Growing up I was always the new kid on the block. My dad was a minister and we moved often. My parents divorced and we moved several more times. By the time I was in the third grade I had lived in seven homes, three cities and two different states.
Not all preachers’ kids are straight and narrow, but I was. In elementary school I was focused. I took church lessons to heart and tried to make the world a better place by spreading the gospel. I wanted to do right and show respect to others in the process. Unfortunately that wasn’t the priority of the other project kids I rode the school bus with.
His name was JaCory, and he picked on me because he wanted to. He was popular, rough around the edges and had street credit. I was known as the PK who wore tight pants, Cosby sweaters and spoke proper. Girls even picked on me. One day as we fought, JaCory connected a solid punch to my face and I saw my own blood for the first time. This was when I truly found God.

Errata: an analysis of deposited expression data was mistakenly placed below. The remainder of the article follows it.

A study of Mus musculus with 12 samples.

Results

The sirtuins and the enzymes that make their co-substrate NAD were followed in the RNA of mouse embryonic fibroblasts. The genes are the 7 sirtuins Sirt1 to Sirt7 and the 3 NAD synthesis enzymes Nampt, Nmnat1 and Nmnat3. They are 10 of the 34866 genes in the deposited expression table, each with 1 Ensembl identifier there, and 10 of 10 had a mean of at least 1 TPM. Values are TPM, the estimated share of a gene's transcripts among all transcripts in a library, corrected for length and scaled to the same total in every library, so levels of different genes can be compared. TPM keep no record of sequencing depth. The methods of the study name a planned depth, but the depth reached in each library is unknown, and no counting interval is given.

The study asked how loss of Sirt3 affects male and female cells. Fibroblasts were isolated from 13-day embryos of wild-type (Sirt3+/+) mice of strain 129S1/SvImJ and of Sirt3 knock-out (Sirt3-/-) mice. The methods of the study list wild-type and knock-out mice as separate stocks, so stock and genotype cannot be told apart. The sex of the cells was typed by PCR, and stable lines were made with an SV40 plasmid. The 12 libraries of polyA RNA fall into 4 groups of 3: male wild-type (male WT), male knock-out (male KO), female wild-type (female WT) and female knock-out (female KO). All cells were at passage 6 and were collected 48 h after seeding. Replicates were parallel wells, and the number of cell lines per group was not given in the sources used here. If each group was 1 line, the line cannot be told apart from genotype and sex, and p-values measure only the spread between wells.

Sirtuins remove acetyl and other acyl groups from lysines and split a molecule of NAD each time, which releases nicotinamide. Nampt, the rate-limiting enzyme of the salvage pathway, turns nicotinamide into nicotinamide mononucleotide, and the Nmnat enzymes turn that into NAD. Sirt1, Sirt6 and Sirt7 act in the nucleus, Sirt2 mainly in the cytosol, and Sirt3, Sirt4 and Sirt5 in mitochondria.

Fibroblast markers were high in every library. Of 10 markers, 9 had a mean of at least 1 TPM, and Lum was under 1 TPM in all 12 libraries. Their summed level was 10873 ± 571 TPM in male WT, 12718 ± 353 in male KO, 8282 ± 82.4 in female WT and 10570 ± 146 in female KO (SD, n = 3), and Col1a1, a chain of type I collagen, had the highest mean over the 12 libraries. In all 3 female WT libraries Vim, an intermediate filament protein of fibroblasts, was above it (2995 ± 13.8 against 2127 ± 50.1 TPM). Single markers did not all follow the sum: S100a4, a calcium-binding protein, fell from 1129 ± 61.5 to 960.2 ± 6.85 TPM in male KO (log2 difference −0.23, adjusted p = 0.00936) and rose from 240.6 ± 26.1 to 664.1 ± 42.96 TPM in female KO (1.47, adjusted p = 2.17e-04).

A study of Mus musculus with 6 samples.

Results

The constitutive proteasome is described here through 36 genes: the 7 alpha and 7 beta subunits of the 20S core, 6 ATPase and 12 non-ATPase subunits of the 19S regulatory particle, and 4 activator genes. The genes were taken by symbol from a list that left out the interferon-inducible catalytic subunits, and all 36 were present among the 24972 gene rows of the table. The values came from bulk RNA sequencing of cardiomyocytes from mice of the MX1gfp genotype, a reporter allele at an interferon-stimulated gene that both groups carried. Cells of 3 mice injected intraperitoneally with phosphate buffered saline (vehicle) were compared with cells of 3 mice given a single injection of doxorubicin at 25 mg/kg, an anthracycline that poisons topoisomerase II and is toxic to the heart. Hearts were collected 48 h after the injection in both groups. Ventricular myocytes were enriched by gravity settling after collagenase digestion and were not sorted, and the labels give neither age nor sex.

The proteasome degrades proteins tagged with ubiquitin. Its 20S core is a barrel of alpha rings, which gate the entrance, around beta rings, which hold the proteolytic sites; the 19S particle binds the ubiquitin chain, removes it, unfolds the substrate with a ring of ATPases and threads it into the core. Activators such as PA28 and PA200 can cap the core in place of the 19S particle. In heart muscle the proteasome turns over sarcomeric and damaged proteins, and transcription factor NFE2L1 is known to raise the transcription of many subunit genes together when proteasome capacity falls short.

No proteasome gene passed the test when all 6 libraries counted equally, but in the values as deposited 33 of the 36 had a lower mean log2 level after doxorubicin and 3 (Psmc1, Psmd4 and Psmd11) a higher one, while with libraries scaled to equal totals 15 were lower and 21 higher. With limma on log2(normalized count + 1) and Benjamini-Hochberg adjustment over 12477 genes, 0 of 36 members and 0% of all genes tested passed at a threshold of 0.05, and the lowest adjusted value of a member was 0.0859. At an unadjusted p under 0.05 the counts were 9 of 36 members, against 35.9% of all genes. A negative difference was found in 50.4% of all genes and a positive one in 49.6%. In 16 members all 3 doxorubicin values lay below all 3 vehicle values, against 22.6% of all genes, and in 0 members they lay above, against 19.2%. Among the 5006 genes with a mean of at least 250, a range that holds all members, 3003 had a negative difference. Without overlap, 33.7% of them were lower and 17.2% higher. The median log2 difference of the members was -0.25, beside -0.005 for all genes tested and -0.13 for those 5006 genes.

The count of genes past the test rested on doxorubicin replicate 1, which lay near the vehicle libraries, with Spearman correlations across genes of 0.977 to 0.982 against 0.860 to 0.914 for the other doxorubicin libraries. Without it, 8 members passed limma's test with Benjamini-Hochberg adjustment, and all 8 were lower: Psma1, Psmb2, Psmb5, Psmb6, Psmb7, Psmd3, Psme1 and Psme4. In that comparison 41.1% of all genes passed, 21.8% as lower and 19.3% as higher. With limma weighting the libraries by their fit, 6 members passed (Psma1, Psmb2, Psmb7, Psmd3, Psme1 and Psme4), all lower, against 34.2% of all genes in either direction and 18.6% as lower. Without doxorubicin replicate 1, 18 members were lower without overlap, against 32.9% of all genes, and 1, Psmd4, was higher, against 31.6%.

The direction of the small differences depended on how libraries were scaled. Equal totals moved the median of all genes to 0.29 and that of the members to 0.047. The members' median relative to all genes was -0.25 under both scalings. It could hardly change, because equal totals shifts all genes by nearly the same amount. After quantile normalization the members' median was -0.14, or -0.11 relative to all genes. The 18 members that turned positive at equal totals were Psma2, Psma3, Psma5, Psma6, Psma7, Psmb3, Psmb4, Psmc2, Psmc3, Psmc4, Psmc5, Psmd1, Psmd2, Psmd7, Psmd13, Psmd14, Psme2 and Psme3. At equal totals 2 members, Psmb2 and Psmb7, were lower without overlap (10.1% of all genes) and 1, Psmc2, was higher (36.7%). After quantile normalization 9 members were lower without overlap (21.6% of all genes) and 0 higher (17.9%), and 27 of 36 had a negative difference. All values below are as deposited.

A strange thing happened. The crowd went crazy, but everything quieted in my head. Something inside gave me permission to not care. I walked up to JaCory and unleashed 13 years of not being good enough, the resentment built from being told I acted white, the pain of my father not being around and the shame I had of growing up poor. In turn, he had a busted lip and black eye. The next day had a lot of respect and a new attitude.
Identity has always been something I struggled with, but around this time I first decided people would know me by the terms I chose. I braided my hair, listened to rap and jazz, kept my good grades, joined the debate team, played football, lifted weights, graduated with honors, spoke in tongues at Wednesday night bible studies, dialogued about my experience with people who looked like me and with those who were different.
To me black is determined, powerful, unforgettable and carries a heavy punch. I am not of ashamed of it. In fact, I unabashedly embrace it.
Gabriel Lawrence is a New York-based actor and filmmaker.